Patent Law Comic Strips - Page 2
Dilbert sits at his desk. Dilbert thinks, "My patent application is complete. Soon the other engineers will come sniffing around." Dilbert thinks, "They are attracted by the scent of success. They want their names on my patent." Wally, Alice and Ted peer into Dilbert's cubicle. Alice says to Wally and Ted, "The scent CAN'T be coming from here." Ted says, "We may be getting a false positive from his baloney sandwich." They all sniff the air.
Dilbert sits at his desk. The Boss says, "Add my name to your patent application to acknowledge my contribution." Dilbert asks, "What contribution?" Dilbert says, "You said it was a stupid idea by a stupid employee. You ordered me to stop working on it." The Boss says, "Devil's advocate!" Dilbert adds, "You also said I was ugly."
Alice asks, "Dilbert, would you add my name to your patent application?" Dilbert asks, "Why should I?" Alice replies, "I would consider upgrading your status from 'co-worker' to 'friend I never see outside of work.'" Dilbert asks, "Would we eat lunch together?" Alice replies, "No, but I'll pencil you in and cancel at the last minute."
Dilbert stands in front of the Boss's desk and says, "My patent will make fifty million dollars for the company, so I thought maybe you could afford to give me a raise." The Boss replies, "Unfortunately, the profit bucket is not connected to the budget bucket, so there's no money for a raise." Dilbert says, "I think some recognition of a job well-done is appropriate here." The Boss replies, "Thanks. It WAS one of my better excuses."
Dilbert sits in his chair and Dogbert stands on the hassock. Dogbert hands Dilbert a book and says, "I thought of another way to profit from the ignorance of humans." Dogbert explains, "I wrote 'The Dogbert Formula for Health.' I recommend a daily dose of food, sleep and exercise." Dogbert says, "And for only $19.95 you can buy the patented 'Dogbert Joggerobic Carpet Patch' to help you run in place."
Dogbert stands on a chair across from the Boss's desk. Dogbert says, "I'm from the law firm of Dogbert, Dogbert and Dogbert. I'm suing you for draining the life force out of your employees." Dogbert holds a rag and says, "After being drained of life, employees are forced to leave the company. The lucky ones get jobs as rags for a car wash, like Joey Pishkin here." The Boss blows his nose on a rag. Dogbert says to the rag he's holding, "What Joey? That's Marge from accounting???"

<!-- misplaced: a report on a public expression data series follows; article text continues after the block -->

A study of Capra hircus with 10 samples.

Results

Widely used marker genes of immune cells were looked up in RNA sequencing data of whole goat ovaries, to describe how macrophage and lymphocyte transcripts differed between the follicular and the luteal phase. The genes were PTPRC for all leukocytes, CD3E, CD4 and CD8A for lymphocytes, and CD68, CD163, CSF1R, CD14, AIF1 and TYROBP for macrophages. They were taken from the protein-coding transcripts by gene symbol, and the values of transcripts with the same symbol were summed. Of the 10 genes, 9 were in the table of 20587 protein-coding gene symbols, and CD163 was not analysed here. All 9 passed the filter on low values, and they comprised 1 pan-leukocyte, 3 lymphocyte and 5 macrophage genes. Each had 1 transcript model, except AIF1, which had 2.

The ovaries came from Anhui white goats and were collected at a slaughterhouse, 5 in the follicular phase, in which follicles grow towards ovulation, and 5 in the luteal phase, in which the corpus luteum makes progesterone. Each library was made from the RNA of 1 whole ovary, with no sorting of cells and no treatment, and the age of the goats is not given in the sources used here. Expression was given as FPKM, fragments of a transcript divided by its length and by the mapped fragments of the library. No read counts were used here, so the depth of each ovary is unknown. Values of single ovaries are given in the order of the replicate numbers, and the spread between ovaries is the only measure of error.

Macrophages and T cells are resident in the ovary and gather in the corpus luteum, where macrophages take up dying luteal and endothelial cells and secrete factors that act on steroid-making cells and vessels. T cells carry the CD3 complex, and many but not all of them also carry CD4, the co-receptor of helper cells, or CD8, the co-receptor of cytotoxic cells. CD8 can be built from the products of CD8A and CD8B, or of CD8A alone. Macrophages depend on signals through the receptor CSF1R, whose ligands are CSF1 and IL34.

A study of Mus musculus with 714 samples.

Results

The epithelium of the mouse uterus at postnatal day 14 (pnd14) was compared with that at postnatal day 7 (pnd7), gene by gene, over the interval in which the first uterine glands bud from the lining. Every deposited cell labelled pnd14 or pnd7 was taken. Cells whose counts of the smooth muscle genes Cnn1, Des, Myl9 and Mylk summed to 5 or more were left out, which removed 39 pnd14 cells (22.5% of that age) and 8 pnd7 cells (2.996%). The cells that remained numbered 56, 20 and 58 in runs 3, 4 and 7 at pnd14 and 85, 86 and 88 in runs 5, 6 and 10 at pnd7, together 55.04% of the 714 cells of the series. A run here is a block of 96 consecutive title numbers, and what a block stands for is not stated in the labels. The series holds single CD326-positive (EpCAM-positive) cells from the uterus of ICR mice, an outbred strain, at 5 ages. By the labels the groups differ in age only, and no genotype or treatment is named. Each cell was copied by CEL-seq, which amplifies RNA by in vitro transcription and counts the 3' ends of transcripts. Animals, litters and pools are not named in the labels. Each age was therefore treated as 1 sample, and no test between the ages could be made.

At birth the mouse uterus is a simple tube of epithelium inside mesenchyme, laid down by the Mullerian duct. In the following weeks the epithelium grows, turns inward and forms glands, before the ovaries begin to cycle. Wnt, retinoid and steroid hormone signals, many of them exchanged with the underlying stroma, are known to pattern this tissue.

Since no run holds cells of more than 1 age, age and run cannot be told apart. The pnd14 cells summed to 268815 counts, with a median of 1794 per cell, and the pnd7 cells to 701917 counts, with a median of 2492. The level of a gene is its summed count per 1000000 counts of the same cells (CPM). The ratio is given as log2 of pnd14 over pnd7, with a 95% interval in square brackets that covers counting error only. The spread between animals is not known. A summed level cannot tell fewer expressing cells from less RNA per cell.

Dilbert sits in a jailroom. Dilbert says, "I bet I've gone to jail more than the average law-abiding citizen." Dogbert replies, "I plan to defend you by proving your victim was a temp worker." Dilbert asks, "It's legal to kill a temp? Really??" Dogbert says, "Now all we need is a jury of your 'peers.'"
Dogbert stands on a desk chair. Dogbert tells Dilbert, "I can't decide if it would be better to conquer the world by building an army or starting a religion." Dilbert asks, "Which one would have the least loss of life?" Dogbert replies, "That's what I'm trying to calculate on this spreadsheet." Dilbert asks, "Why are you counting law students as two-tenths of a person?" Dogbert replies, "It doesn't drop to zero until they pass the bar."
Tags #downtrodden cubicle workers, #form union, #working conditions, #salaried workers, #against law, #no overtime, #no security, #spines, #demand bigger cucbilce, #union dues, #long hours, #strap on spines
"Hear me, all downtrodden cubicle workers!" "I have come to form a union to improve your working conditions!" "We can't join a union. We're salaried." "I think it's against the law, or something." "You've got long hours, no overtime, shrinking benefits and no job security. You must act now!" "You're confusing us with people who have spines." "Don't worry, I brought strap-on porta-spines for everybody." "I demand a bigger cubicle!" "Nobody will take advantage of us ever again!" "Now, let's talk about union dues." "Fair enough."